Are we there yet? Quirk's CEO demands more female founders

Every week, we ask industry insiders across all job levels and titles to share personal stories about equality, diversity and inclusion in adland. We know we're not there yet, but we want to document the highs and lows as the industry slowly transforms for the better.

Meryl Draper
CEO and co-founder
Quirk Creative

Tell us about one thing that’s happened recently that leads you to believe there’s still a problem.

I read a statistic recently that said only 0.1 percent of ad agencies in the U.S. with national or international accounts are founded by women. As a majority owner and CEO of my own advertising agency, Quirk Creative, I can’t say I’m surprised by this statistic, but it’s pretty depressing to read.

There have been occasions when I’ve been mistaken for the intern, or met with a, "you don’t look like someone who runs your own agency," by my peers, both men and women. A few years ago we were on one of our first major campaign shoots with a big client. The concept centered around interviewing small business owners.

I was riding up in an elevator with one of the interviewees -- an older gentleman with a successful business whom we had handpicked for the campaign -- and he asked me how long I had been working at Quirk. I’m 99 percent sure he thought I was the intern. He seemed floored to find out I was the founder.

We are programmed to think we know what a CEO looks like, and it’s surprising to a lot of people when they meet someone who deviates from that norm. We have a long way to go before the looks of confusion end for female founders, but for the time being, I do get a kick out of telling people who ask how long I’ve been with the agency, "oh, from the beginning, I founded it."


How about something that proves we’re making progress?

One of the biggest shifts for Millennial and Gen Z women is that we’re no longer waiting in line. Part of not waiting in line means ditching the traditional idea of a "career ladder," where it takes 40+ years to slowly make your way up into positions of power.

So slowly but surely we’re seeing a new crop of agencies led by younger women, and that absolutely has the potential to accelerate the rate of progress within the industry, both at a company culture/lifestyle level and a creative output level.

As women-owned agencies, we can sidestep the systemic sexism that runs as an undercurrent  at older, men-owned agencies. Millennial agency owners, women especially, aren’t waiting for those massive old agencies to change their policies (which is like trying to turn a ship), but rather are building their own agencies that have pro-women policies and cultures ingrained in their DNA from the onset.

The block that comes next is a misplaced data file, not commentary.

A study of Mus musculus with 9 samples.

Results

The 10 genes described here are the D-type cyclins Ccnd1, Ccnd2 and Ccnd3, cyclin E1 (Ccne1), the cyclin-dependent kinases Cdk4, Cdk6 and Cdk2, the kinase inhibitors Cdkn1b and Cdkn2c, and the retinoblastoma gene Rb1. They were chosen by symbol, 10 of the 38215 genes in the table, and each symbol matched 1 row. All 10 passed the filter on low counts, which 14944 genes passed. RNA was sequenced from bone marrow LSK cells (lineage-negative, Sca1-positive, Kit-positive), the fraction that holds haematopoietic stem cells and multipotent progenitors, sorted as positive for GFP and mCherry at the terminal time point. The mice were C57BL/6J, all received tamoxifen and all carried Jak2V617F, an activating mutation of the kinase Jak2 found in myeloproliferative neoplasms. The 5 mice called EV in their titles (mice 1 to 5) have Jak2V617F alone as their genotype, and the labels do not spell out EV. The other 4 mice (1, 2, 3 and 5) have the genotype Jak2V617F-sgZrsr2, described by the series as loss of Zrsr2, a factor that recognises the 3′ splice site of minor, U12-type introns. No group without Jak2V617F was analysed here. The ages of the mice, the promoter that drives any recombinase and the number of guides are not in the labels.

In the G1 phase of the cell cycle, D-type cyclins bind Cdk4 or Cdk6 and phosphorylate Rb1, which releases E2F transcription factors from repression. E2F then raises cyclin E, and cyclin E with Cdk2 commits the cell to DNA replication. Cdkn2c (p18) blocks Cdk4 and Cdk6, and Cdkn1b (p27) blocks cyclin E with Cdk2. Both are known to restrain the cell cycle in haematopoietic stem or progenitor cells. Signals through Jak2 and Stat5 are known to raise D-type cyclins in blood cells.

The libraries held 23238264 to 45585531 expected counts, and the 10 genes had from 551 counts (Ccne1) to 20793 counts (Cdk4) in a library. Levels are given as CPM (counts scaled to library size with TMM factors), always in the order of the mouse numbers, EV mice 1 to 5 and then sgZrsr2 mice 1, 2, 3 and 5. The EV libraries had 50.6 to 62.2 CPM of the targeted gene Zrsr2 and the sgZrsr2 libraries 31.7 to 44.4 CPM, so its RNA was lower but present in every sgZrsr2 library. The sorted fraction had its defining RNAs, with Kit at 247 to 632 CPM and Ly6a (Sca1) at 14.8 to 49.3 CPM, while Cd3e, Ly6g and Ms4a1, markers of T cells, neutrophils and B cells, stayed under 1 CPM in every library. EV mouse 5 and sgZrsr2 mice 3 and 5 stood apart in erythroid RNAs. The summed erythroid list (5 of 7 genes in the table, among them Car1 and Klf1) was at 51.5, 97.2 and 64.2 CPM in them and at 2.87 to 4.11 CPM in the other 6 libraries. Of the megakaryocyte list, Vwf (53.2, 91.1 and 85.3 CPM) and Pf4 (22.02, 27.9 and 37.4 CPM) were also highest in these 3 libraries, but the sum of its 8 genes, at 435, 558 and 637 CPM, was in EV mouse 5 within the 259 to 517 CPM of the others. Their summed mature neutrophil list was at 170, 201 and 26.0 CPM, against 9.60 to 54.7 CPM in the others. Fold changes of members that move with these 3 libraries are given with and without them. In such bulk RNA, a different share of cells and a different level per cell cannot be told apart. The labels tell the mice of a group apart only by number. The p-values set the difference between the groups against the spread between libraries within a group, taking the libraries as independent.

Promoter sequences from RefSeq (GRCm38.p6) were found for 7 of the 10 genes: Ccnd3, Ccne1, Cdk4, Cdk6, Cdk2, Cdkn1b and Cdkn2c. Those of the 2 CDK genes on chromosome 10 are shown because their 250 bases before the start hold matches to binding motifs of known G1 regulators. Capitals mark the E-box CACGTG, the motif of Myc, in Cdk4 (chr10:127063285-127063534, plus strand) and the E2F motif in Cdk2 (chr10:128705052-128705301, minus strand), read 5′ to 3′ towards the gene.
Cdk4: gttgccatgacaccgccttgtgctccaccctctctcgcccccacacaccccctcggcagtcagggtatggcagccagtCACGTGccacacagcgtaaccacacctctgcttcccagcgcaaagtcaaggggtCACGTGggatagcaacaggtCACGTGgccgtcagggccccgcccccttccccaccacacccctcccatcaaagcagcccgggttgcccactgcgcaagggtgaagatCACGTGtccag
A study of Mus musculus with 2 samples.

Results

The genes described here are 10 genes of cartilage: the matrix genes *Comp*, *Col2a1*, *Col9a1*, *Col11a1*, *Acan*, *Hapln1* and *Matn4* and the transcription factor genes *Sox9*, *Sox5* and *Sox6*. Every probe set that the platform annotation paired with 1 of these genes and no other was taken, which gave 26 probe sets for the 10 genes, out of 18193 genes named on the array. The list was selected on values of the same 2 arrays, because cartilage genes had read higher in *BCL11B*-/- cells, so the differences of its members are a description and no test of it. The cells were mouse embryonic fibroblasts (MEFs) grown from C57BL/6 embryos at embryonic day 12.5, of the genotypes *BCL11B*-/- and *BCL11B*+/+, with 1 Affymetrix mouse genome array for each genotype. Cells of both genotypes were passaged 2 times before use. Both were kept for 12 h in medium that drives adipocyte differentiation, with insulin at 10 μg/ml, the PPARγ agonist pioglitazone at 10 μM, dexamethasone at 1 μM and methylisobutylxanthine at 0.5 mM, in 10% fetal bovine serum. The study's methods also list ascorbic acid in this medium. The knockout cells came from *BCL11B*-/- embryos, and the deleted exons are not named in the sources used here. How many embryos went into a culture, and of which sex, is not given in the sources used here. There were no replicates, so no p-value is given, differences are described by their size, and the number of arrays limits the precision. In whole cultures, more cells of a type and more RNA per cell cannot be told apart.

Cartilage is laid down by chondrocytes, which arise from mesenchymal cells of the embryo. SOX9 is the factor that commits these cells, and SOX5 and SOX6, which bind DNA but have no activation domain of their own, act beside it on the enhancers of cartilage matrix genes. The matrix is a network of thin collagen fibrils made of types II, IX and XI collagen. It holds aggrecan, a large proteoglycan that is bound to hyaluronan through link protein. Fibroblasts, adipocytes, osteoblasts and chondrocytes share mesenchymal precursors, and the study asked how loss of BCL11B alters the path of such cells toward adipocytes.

I’m talking about policies that encourage actual work-life balance (revolutionary in the advertising industry… ask yourself when you last left work at 5:30. At Quirk we really strive for this), generous family leave policies to eliminate the "motherhood penalty," and zero-tolerance policies on sexual harassment and cultures of casual sexism.

At the same time, increasingly female-oriented brands are looking to female creative leaders to have the final say over creative and campaigns fueled by every marketer’s favorite word: authenticity.

As women-owned agencies become more common, I’m excited to see how female ownership, specifically younger female ownership, impacts creative and what impact this new generation of leadership will have on the course of gender equalization in the advertising industry.


What else needs to be done to get there?

At its best, advertising has the power to shift society. A small ripple, a spark of conversation, maybe, but still a shift.

When you think about advertising that way, you realize that anyone in a hiring position -- producers, clients, agency owners, and then of course the brands hiring agencies -- has an enormous responsibility to think critically about who they employ and which voices they choose to give a platform to, because really what we’re deciding is: what voices are going to shape what tomorrow’s society could be?

Visibility of and access into creative talent is crucial, making sites like Free the Bid so important. Long term I see any barriers to accessing a diverse pool of talent -- agents who take a cut just for being middlemen, RFP and bidding processes that penalize smaller (often women-owned) agencies for not being able to work for free -- going away for good.

When you own a business there’s a lot of power in who you hire and the policies you put in place. Women are rising to more and more leadership positions within agencies, but they’re still not reaching, in large enough numbers at least, that top position. When a man is still ultimately the final decision maker at the agency every other decision is going to stem from a male lens.

When we only work with male-led agencies, we rob the world of untold campaigns, unseen creative genius, untapped brand connection — and we leave money on the table.

Brands, especially women-owned and women-centric brands, can choose to hire female owned agencies... And women, well we can start our own agencies.